Is Marriage for All of Us? Maybe Not Me

Amanda - Beach

Amanda - Beach

I’ve been separated from my husband for almost two years. Luckily, we have a friendship and talk/text constantly about our kids, their schools, and our community. While divorce and separation can bring about enormous stress and anxiety, especially for children, our split has helped me to confirm a lot of things about myself over the last few years.

  • I value freedom over security. And this makes me a bit unusual, which I’ve learned to embrace. I’m happier when I can do what I want when I want to. Of course I started a website to help women master money — it’s critical when you value freedom. But being in control of your finances also means security, and I’ve realized I need that as well.
  • I need to break the rules. I have a burning rebellious spirit. I didn’t have rigid parents or a confined childhood that I’m still fighting against. My boundary-pushing m.o. just seems to be an innate desire for constant change, whether rational or not. It’s part of why I’ve always been an entrepreneur and I enjoy trailblazing, glass-ceiling busting, and defying all expectations.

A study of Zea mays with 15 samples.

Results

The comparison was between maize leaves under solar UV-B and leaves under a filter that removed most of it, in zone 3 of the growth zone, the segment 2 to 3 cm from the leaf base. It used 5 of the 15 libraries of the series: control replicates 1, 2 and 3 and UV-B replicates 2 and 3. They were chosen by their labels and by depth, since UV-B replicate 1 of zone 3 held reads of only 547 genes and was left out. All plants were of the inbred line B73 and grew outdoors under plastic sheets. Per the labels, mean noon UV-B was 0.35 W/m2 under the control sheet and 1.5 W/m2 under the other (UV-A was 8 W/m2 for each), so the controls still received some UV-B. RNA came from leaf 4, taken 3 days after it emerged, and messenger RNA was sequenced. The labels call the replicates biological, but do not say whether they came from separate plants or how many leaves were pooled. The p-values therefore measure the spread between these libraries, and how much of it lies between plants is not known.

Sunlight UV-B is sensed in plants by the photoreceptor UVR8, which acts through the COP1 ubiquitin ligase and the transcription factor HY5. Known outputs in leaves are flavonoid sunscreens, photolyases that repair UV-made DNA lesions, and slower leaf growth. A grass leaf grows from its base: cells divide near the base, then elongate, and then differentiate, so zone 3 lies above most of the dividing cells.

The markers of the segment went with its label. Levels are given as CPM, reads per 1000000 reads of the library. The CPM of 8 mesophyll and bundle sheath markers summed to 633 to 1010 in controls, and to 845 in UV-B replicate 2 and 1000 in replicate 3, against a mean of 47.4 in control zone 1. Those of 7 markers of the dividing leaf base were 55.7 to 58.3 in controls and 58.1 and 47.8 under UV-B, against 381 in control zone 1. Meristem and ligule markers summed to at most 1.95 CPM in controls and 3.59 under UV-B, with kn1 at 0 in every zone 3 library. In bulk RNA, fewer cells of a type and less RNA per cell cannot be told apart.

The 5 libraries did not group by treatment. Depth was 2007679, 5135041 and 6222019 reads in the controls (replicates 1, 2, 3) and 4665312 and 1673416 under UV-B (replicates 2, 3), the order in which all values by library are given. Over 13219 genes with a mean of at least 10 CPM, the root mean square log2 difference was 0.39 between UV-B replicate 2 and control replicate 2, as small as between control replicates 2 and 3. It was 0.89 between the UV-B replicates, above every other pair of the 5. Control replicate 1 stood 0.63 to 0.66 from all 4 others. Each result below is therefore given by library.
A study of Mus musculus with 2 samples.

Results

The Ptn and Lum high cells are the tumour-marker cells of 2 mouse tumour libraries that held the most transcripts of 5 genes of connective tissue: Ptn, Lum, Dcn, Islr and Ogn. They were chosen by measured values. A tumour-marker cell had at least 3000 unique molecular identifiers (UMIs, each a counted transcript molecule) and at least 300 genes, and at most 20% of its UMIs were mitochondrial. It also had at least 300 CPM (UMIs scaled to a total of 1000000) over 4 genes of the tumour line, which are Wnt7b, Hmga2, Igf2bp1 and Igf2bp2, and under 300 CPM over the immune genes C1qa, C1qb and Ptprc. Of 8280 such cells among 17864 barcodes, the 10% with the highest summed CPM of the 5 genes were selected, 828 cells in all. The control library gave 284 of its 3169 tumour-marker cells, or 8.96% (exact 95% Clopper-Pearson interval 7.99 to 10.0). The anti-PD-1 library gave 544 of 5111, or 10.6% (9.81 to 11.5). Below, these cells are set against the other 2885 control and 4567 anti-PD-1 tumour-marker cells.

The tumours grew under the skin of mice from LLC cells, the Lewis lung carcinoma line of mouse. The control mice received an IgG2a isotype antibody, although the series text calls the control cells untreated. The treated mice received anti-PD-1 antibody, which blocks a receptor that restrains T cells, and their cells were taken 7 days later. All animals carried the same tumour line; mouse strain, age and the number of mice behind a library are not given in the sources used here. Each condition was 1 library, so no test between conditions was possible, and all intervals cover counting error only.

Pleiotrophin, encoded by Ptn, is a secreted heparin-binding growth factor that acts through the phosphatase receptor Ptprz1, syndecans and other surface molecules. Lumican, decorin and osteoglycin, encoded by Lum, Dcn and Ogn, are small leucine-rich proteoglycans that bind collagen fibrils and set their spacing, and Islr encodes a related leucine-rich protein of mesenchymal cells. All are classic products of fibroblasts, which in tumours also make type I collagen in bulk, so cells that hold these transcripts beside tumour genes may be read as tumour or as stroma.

When I married my husband at age 25, I really had found the perfect husband—if only I had I been able to put this rebelliousness to bed in return for the security and customs that come with nesting.

After a challenging eight years of “Amanda, where are you going and … why are you always working?” we both realized that I’m uncontainable, and when I try to fit more “normal” structures, I get restless, resentful and depressed.

Are some people just not “the marrying kind”? Fortunately I’ve been dating a man for more than a year who values independence the way I do. Marriage just might not be for everyone.